Farm Succession plan important piece of the puzzle
By: Chris Bickers
Do you have a succession plan? You should, says Jaimie Newman-Grissom, an agricultural banker with PNC Bank who works with farmers in northeast North Carolina.
“If you haven't prepared a plan for what will happen to your assets after you are gone, what you have worked your whole life for can be at risk,” says Newman-Grissom. “I would not be afraid to say that vast majority of the farmers I work with do not even have a will, much less a succession plan, when I first raise the topic. They know they need to have them, but haven’t taken the time and don’t know where to start.”
The most critical step is to document and communicate plans and ideas.
“Too often I see farm owners suffer an unexpected health issue or death, leaving their families clueless and overwhelmed with decisions about the future of the farm,” she said. No one knows what those owners had in mind unless they wrote it down and discussed it with their future successors, family members and trusted advisors.
This is particularly important now. The recently released Ag Census data underscores the trend of the aging farmer. In North Carolina, for example, there has been a notable increase in the number of farm operators over the traditional retirement age of 65: from 15,725 in 2007 to 17,450 in 2012. That’s an of 11 percent increase.
Of perhaps more concern, the number of middle-age farmers (35-54 years old) continues to decrease, from 19,556 in 2007 to 15,323 in 2012 (a 22 percent decrease). Although, there is a modest glimmer of hope with the younger generation (25 to 34 years old) increasing from 2,056 in 2007 to 2,101 in 2012 (2 percent increase). The average age of the North Carolina farm operator increased from 57.3 in 2007 to 58.9 in 2012.
This data shows that farmers are working longer and longer, often without planning for a successor: 73 percent of agricultural business owners who are planning a change in company ownership in the next five years plan to sell or transfer their business to a family member while 18 percent plan to sell or merge with a third party.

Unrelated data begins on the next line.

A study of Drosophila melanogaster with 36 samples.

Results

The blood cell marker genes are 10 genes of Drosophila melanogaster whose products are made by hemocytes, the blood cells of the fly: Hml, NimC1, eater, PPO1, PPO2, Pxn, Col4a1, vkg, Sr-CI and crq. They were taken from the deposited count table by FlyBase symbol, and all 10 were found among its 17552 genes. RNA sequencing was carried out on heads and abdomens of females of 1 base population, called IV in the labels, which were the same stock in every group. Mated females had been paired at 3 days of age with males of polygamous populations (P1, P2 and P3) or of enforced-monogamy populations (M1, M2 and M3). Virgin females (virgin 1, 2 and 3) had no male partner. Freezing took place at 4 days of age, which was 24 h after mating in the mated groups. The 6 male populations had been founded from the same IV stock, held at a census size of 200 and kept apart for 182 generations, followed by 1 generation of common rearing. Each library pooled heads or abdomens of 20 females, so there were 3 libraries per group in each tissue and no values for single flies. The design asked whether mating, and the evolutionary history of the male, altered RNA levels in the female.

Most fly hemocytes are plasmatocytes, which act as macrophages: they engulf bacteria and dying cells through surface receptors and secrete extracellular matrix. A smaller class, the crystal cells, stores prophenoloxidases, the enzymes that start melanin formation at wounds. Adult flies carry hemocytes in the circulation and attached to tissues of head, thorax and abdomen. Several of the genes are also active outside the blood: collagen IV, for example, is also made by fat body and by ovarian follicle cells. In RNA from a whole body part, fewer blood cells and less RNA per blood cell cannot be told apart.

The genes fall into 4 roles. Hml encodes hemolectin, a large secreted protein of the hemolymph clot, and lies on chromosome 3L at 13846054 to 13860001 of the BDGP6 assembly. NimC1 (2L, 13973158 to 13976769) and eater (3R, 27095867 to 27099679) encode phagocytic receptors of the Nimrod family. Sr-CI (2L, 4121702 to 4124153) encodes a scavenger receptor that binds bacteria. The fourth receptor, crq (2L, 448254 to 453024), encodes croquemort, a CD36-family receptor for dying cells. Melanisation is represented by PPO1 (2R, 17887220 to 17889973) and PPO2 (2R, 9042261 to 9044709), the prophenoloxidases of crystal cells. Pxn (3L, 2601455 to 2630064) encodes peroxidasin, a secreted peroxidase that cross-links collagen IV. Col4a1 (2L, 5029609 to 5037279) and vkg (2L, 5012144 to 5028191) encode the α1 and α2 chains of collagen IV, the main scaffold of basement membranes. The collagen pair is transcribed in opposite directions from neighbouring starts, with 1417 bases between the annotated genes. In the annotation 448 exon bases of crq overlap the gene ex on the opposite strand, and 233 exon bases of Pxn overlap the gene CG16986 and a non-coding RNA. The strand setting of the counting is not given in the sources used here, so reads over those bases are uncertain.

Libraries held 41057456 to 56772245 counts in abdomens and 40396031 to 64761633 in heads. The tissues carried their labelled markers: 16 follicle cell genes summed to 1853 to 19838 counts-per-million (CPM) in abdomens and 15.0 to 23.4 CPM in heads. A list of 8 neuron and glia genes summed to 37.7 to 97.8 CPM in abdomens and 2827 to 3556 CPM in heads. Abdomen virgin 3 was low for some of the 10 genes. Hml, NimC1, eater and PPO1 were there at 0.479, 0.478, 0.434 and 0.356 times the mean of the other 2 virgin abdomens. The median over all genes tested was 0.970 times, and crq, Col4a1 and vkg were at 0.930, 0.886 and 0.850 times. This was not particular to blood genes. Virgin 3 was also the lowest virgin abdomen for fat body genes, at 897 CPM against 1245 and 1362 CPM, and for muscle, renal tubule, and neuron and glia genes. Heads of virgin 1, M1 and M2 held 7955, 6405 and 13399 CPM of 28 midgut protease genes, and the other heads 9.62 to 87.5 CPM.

“Deciding how, when and to whom these owners will transfer their family farm can be the most challenging – and emotional – decision they will ever make,” she said.
Writing a will
Writing a will can be uncomfortable for everyone involved. Newman-Grissom offers four tips to help get through this process:
- Start the conversation. You have spent your lifetime to earn what you now have. Begin talking now with your family about their desires for the future of the farming operation. Never assume.
- Select the right successor and begin establishing the plan. It is critical to keep good records. This is the time to complete a personal financial statement, an overview of what you own, its value, and what you owe.
- Seek professional help. Identify your trusted advisor team, which typically includes a certified public accountant, an attorney with experience in estate planning, and an agricultural banker.
- Set milestones, measure performance, and keep up the communication around the transition. Keep everyone in the loop on decisions and progress to prevent any potential confusion.
Four ways to survive slow times
Farmers spend most of the year – and a great deal of money – planting and tending to their crops, with only a short time period realizing their return, said Newman-Grissom. Many farmers struggle with the seasonality of their business and aren’t aware of the resources available to help them manage the inconsistency of their cash flow.
Newman-Grissom offers farmers four tips for optimizing cash flow during the slow times:
- Accelerate receivables. Farms and agribusinesses operate much differently than most businesses, which means you need customized banking services to accelerate the collection of receivables, manage payments and invest cash effectively. Consider online bill pay or automatic clearing house (ACH), which allows you to set up payment schedules and manage accounts receivables so that you get paid faster and can hold onto your cash longer. A remote electronic deposit service is also very helpful to speed up the payment process.
- Know your credit options. There are a variety of bank lines of credit that may help you fill gaps in cash flow. Because every business is different, your ag banker will need to know all about your business model and operations to help you find the best solution.
- Make the most of your earnings. A number of savings vehicles can help you preserve access to cash and earn interest during the busy season. A sweep account, for example, automatically sweeps extra funds into a money-market savings account earning maximum interest and provides you with access to cash if you need it during the slow season. Again, your ag banker can advise you on your best option based on your unique needs.
- Keep an open mind around technology. Work smarter, not harder. Technology can seem overwhelming, but once you try the right tools, you’ll be glad you adopted it. When choosing a bank, look for one that offers easy-to-use financial tools and technologies that allow you to manage your banking right from your farm.